Dr. Reyhan Furman

Senior Lecturer in Developmental Cognition

School of Psychology

Darwin Building, DB116

+44 (0) 1772 89 4451


Subject Areas: Psychology

The central focus of Reyhan’s research is to discover how speech and gesture come together to form language throughout development. She is particularly interested in how children’s comprehension and use of bodily actions influence their language learning, and how this multimodal interaction in turn furthers our understanding of cognition and language in general.

Reyhan’s research is cross-disciplinary in nature, drawing on the varied methods and tools of psychology and linguistics such as experimental paradigms, linguistic analysis, and electrophysiological techniques (ERP). Her research is also comparative, focusing on speakers of different languages (monolinguals and bilinguals) and ages (infancy into adulthood).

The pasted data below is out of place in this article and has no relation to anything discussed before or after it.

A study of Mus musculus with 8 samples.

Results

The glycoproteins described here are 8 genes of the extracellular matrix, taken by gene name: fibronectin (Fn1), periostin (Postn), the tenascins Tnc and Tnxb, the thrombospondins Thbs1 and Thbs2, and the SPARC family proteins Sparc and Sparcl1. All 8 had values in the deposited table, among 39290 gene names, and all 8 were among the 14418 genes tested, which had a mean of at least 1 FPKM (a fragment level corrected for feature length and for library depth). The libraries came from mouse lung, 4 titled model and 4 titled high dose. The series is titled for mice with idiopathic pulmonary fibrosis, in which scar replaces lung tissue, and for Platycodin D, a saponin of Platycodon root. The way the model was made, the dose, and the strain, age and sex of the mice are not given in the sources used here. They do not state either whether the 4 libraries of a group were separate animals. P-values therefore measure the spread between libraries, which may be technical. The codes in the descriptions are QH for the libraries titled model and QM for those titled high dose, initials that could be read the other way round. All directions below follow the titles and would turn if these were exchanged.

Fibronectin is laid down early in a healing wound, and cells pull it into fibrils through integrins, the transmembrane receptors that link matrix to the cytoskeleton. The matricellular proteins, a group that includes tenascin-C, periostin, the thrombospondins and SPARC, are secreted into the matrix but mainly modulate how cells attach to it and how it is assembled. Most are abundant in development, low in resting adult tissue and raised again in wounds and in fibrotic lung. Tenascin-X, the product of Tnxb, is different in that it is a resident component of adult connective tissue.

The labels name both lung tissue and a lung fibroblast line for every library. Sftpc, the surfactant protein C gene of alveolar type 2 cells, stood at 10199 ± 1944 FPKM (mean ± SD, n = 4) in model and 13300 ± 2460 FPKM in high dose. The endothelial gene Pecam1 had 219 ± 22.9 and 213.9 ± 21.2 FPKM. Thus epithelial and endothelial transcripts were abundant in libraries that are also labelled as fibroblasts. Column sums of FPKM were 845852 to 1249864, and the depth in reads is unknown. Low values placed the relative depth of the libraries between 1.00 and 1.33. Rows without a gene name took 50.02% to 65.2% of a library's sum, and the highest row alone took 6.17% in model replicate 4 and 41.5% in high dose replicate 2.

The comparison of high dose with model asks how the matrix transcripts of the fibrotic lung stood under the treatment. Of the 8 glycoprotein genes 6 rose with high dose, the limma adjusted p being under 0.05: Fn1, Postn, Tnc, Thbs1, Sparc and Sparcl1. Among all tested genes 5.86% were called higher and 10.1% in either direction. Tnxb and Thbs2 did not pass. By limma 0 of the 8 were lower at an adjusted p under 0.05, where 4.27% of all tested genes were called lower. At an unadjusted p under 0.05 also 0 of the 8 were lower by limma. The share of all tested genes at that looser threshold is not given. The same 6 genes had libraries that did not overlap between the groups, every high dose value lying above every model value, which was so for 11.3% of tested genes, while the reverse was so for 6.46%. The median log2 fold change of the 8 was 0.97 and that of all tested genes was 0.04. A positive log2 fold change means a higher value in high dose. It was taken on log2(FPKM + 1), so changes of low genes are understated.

• M.A. Psychology, Bogazici University, 2000
  • B.A. Psychology, Bogazici University, 1998
  • B.A. Guidance and Psychological Counselling, Bogazici University, 1998

Professional Experience

  • Senior Lecturer in Developmental Cognition, School of Psychology, University of Central Lancashire, 2015-
  • Postdoctoral Fellow, Department of Psychology, University of Alberta, 2013-2015
  • Research Staff, Max Planck Institute for Psycholinguistics, 2012-2013

Teaching Activities and Responsibilities

  • Programme Lead for MSc Psychology of Child Development
  • Module Lead for PS3050 (Applying Psychology to the Educational Setting)


Hoang, H., Nicoladis, E., Smithson, L., & Furman, R. (in press). French-English bilingual children’s tense use and shift in storytelling. International Journal of Bilingualism.

Treffers-Daller, J., Daller, M. H., Furman, R., & Rothman, J. (in press). Ultimate attainment in the use of lexical collocations among heritage speakers of Turkish in Germany and Turkish-German returnees. Bilingualism: Language and Cognition.

Özyürek, A., Furman, R., & Goldin-Meadow, S. (2015). On the way to language: Emergence of intermediate forms of segmentation and sequencing in motion event representations without a language model. Journal of Child Language, 42, 32-63.

Furman, R., Küntay, A., Özyürek, A. (2014). Early language-specificity of children’s event representations in speech and gesture: Evidence from caused motion in Turkish. Language, Cognition and Neuroscience, 29, 620-634.